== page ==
Stephen Leslie creates candid public street photography, where nothing is set up or pre-planned. He navigates the streets undercover, in the shadows, whilst illuminating moments and narratives created in everyday scenes. Only using film photography means each shot has to count, and that he is forced to wait for the shot to be developed before he can view the image.
How then is Leslie's photography so unbelievably well composed? The answer is perhaps rigour. On his process, he says that 'what began as a simple way to keep visually alert in between directing jobs soon morphed in to a daily diary of images and eventually became an obsession I've been struggling to contain ever since. Now I can't physically leave the house without at least one camera and have a vast back catalog of photographs.' You can find his catalog here.
Stephen's photography is mainly shot in London but he has photographed around the world. Stephen's London scenes are so diverse in setting. From the parks to the gutters, from the bus stop to the fun fair, Stephen's shots represent the city in it's totality; as a vast and diverse ever changing landscape where the people and their stories are extremely rich but often go unheard. Each of Stephen's images tells a story, or creates characters out of subjects that are often left anonymous in the big smoke. If you've ever sat with a friend on a park bench and people watched, creating characters out of strangers (e.g 'That man with the red hat on is definitely going through a divorce' 'yeah, and the woman he's talking to is consoling him but she secretly loves him'), then you will understand. With every photo he breathes life into his characters via expert composition, setting and timing.
In Stephen's final photo postcard we are given a prime example of this. Entitled the Ice Cream Lickers, this piece is taken of a middle aged couple enjoying an ice cream. But true to Stephen's story telling tendencies, it is accompanied by a written piece. Enjoy.
Ice Cream Couple
(Accompanying story taken from his forthcoming book SPARKS which will be published by Unbound later this year.)
He thinks: Hang on a sec, this isn't pistachio. I ordered pistachio.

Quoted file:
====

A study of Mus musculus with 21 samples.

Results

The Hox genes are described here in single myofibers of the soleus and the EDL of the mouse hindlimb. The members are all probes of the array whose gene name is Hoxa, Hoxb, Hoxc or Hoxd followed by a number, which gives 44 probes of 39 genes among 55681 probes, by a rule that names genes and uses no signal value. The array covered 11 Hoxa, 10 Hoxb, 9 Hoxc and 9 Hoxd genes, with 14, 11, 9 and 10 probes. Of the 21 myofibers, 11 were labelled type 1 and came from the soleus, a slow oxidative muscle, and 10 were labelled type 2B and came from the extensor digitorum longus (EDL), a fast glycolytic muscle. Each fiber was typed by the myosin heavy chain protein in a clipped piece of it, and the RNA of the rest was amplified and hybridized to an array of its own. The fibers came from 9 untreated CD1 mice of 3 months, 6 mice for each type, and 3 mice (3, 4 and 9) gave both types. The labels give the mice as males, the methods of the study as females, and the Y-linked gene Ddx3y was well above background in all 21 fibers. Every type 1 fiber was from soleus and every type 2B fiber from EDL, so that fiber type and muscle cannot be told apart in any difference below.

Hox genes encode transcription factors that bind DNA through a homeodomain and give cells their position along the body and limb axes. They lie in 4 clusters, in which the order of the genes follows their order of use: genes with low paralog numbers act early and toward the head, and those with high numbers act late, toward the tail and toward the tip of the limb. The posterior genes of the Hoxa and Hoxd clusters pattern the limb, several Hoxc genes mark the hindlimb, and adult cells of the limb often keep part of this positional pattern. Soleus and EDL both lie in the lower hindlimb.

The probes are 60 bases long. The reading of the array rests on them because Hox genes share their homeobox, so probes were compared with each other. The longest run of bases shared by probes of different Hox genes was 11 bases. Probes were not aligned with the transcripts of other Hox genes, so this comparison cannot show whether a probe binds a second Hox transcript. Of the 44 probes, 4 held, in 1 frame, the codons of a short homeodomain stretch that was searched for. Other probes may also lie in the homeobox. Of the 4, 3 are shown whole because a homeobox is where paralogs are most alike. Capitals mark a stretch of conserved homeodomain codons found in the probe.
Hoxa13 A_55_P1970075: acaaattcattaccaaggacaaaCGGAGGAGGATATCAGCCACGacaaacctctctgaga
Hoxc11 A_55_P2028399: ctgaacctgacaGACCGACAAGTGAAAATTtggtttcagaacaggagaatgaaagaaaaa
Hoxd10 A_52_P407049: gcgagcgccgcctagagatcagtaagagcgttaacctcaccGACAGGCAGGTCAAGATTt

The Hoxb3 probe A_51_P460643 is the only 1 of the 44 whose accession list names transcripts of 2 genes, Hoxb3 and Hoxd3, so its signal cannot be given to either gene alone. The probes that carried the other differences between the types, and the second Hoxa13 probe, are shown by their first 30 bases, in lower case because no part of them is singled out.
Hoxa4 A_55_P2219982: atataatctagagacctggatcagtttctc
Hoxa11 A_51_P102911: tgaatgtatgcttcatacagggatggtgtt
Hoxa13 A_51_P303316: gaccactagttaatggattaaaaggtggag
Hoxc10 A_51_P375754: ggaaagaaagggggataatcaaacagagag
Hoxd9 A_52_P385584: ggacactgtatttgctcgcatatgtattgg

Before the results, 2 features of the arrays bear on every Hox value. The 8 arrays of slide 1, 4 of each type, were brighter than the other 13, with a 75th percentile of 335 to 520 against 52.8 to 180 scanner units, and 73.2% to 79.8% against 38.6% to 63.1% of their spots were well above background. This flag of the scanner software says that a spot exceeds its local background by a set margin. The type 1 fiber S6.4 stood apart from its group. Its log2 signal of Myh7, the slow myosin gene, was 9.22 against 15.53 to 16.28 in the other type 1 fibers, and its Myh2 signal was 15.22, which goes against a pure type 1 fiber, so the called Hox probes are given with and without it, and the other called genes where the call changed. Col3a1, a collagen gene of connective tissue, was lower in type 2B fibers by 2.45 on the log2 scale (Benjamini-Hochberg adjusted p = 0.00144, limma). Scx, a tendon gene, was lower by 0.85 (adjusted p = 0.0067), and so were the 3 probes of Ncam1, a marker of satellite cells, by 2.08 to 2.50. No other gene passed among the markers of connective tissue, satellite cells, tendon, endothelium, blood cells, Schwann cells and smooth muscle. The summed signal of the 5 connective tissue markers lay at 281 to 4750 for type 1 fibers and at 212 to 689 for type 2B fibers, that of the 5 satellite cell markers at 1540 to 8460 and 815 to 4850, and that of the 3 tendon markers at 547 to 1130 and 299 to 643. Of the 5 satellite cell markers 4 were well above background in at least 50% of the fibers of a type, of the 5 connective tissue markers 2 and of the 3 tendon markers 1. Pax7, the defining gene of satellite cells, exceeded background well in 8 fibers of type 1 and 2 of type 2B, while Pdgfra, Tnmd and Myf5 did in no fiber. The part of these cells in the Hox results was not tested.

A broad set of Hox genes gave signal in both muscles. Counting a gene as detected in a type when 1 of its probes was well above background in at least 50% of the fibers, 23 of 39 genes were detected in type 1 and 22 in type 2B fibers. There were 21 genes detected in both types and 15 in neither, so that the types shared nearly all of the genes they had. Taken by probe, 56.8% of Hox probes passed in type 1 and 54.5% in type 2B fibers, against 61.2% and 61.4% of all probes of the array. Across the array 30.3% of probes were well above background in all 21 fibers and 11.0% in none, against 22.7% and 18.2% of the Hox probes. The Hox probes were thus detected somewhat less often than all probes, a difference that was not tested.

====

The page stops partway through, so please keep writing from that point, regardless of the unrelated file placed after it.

She thinks: He still hasn't noticed I've got his flavour by mistake.
He thinks: I think this is hazelnut. I don't really like hazlenut.
She thinks: Even if he does notice he won't say anything. He never does.
He thinks: Maybe I should go and complain?
She thinks: Like that time on the ferry from Zeebrugge when they tried to put us in to a third class cabin with mouse droppings on the bed like morse-code and we'd paid for second class. He would rather have said nothing and avoided a scene than stand up for himself. I had to sort it out in the end. I always do.
He thinks: Problem is I've eaten most of it now, it's probably too late.
She thinks: If only you could pick a husband like you can choose an ice-cream....
He thinks: It looks a little bit like the Statue Of Liberty. A tiny ice-cream torch.
She thinks: So you knew precisely what you were getting in advance.
He thinks: Maybe I could get Magda to stand holding it aloft in her right hand and I could take a picture? It would be funny. One for the album.
She thinks: I thought he was going to be exciting. He was exciting a long time ago, for about two months and then that was it.
He thinks: She wouldn't do it though. She hates me taking her photo now, says I make her look old and ugly but that's not what I see.
She thinks: Now all he does is take stupid photographs and wear those ridiculous sunglasses, like he's still a teenager.
He thinks: She never used to mind...
She thinks: And don't get me started on those shorts....
He thinks: I definitely ordered pistachio.
We are delighted to have Stephen's work as part of our Photo Postcard exhibition in October. For more info on the project and other participating artists go to http://bit.ly/2r0MUE4.